As told by Cargo Crew’s founder and creative director, Felicity Rodgers.

According to a recent YouGov Galaxy survey*, 93 per cent of Australians believe it reflects strongly on a brand if the staff wears smart uniforms. So it’s well worth business owners putting time and energy into their uniform strategy.

This is especially the case in hospitality and retail where staff members and shop assistants are a big part of the customer’s experience.

From my experience, here are the top three mistakes businesses make when choosing and purchasing staff uniforms.

1. Not listening to your staff

It’s important to consult your employees. You’ll encourage them to “buy-into” the change and they’ll draw your attention to previous uniform issues and mistakes (such as design flaws, uncomfortable clothing and garments that don’t wear well).

Listening to your staff also plays an important branding role. According to recent research done by Cargo Crew, one in four of 18 to 24-year-olds said they would only apply for a job at a business with a stylish uniform. Who better to get feedback from than the target demographic?

Case study: Beacon Lightning, which hadn’t updated its uniform in 10 years, recently received feedback from its staff. They felt self-conscious in their work gear in public. The company decided to refresh its uniform in consultation with staff, which by all measures has been a huge success.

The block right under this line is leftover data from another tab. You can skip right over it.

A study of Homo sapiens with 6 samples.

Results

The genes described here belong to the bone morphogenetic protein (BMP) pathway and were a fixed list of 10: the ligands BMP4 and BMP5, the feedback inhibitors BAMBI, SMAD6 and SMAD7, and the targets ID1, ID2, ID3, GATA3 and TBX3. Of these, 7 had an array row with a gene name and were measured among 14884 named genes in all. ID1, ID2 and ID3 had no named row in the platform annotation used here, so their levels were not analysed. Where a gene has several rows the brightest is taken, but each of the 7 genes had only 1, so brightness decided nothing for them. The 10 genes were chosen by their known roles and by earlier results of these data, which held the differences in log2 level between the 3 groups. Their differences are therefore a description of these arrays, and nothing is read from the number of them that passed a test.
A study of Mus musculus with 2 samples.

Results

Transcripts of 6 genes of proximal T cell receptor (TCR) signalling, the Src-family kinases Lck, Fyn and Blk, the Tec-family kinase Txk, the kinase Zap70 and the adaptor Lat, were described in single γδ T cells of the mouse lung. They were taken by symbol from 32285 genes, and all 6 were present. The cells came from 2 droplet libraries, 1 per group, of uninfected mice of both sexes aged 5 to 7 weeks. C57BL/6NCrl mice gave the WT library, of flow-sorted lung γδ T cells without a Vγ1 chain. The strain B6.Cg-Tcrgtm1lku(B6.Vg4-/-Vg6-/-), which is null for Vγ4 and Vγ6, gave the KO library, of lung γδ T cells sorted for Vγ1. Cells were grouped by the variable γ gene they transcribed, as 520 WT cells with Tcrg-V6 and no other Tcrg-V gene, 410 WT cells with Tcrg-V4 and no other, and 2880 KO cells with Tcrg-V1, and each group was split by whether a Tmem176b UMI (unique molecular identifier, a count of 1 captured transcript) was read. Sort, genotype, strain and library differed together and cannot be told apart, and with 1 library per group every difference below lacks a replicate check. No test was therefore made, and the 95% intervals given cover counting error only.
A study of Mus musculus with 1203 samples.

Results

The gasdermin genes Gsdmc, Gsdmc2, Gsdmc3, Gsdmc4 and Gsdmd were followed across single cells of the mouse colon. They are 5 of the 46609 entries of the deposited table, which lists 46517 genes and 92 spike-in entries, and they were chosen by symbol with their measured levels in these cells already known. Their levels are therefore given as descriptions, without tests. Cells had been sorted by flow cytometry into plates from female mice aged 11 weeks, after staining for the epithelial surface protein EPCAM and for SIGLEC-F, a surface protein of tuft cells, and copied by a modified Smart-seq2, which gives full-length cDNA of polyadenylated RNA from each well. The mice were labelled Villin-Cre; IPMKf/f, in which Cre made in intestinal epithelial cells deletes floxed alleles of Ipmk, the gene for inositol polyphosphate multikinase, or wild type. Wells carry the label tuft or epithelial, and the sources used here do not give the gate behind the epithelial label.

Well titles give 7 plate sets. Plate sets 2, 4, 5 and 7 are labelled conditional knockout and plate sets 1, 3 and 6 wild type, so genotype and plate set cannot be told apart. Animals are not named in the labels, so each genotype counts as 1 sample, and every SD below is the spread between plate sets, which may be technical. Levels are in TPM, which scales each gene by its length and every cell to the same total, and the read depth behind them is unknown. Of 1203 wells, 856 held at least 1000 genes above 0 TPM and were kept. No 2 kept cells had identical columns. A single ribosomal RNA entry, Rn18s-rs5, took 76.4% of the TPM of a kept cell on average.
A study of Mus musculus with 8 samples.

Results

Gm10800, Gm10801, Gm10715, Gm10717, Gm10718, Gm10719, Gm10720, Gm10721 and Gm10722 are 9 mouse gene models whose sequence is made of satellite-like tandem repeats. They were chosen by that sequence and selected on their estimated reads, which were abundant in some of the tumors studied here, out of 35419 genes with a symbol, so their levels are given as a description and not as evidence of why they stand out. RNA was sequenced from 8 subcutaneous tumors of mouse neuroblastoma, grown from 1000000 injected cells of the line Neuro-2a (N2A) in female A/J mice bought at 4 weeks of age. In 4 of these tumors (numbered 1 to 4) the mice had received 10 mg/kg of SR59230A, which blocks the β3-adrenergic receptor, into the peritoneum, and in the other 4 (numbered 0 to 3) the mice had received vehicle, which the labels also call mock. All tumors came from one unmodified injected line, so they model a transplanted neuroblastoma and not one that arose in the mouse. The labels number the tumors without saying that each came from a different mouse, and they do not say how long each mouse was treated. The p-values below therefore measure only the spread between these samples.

2. Buying from bulk-only suppliers

Be wary of suppliers with high minimum quantities because often they have long lead times and high minimum order quantities. When new employees start, you really don’t want to wait months for their uniform.

Bulk suppliers can also be more expensive if you have only a few staff members.

Note: Cargo Crew focuses on client needs by providing a full range of stock at wholesale prices – on hand in Melbourne – in a full-size curve, with no minimum order quantities.

3. Basing all uniform decisions on price

Trying to save money wherever possible is understandable, but it’s important to think about long-term costs. Often, cheaper garments are poorer quality, so they’ll need to be replaced more often.

Regularly replacing uniforms can also be frustrating for your staff, can take more time away from other important matters, and is bad for the environment.

It’s also worth considering the fit, comfort and appearance of a cheaper garment. And how this reflects on your business.

For longevity, look for details such as reinforced stitching, extra length in shirts and broad sizing options.

*Source: YouGov Galaxy, Uniform Study, August 2018.


Looking for a new staff uniform?

If you’re starting out or looking to re-invigorate your brand, speak to the team at Cargo Crew about how best to source the right uniform for your business and team. With a background in fashion design, its Melbourne-based design team is dedicated to delivering uniforms that staff want to wear.

More Information

Download the free top 10 tips for businesses on how to roll out your uniform here

Cargo Crew launched in 2002 and has become a world leader in work clothing and uniforms. Its clients include Attica, Four Pillars, Higher Ground, Art Series Hotel, Freedom and Gwyneth Paltrow’s Goop.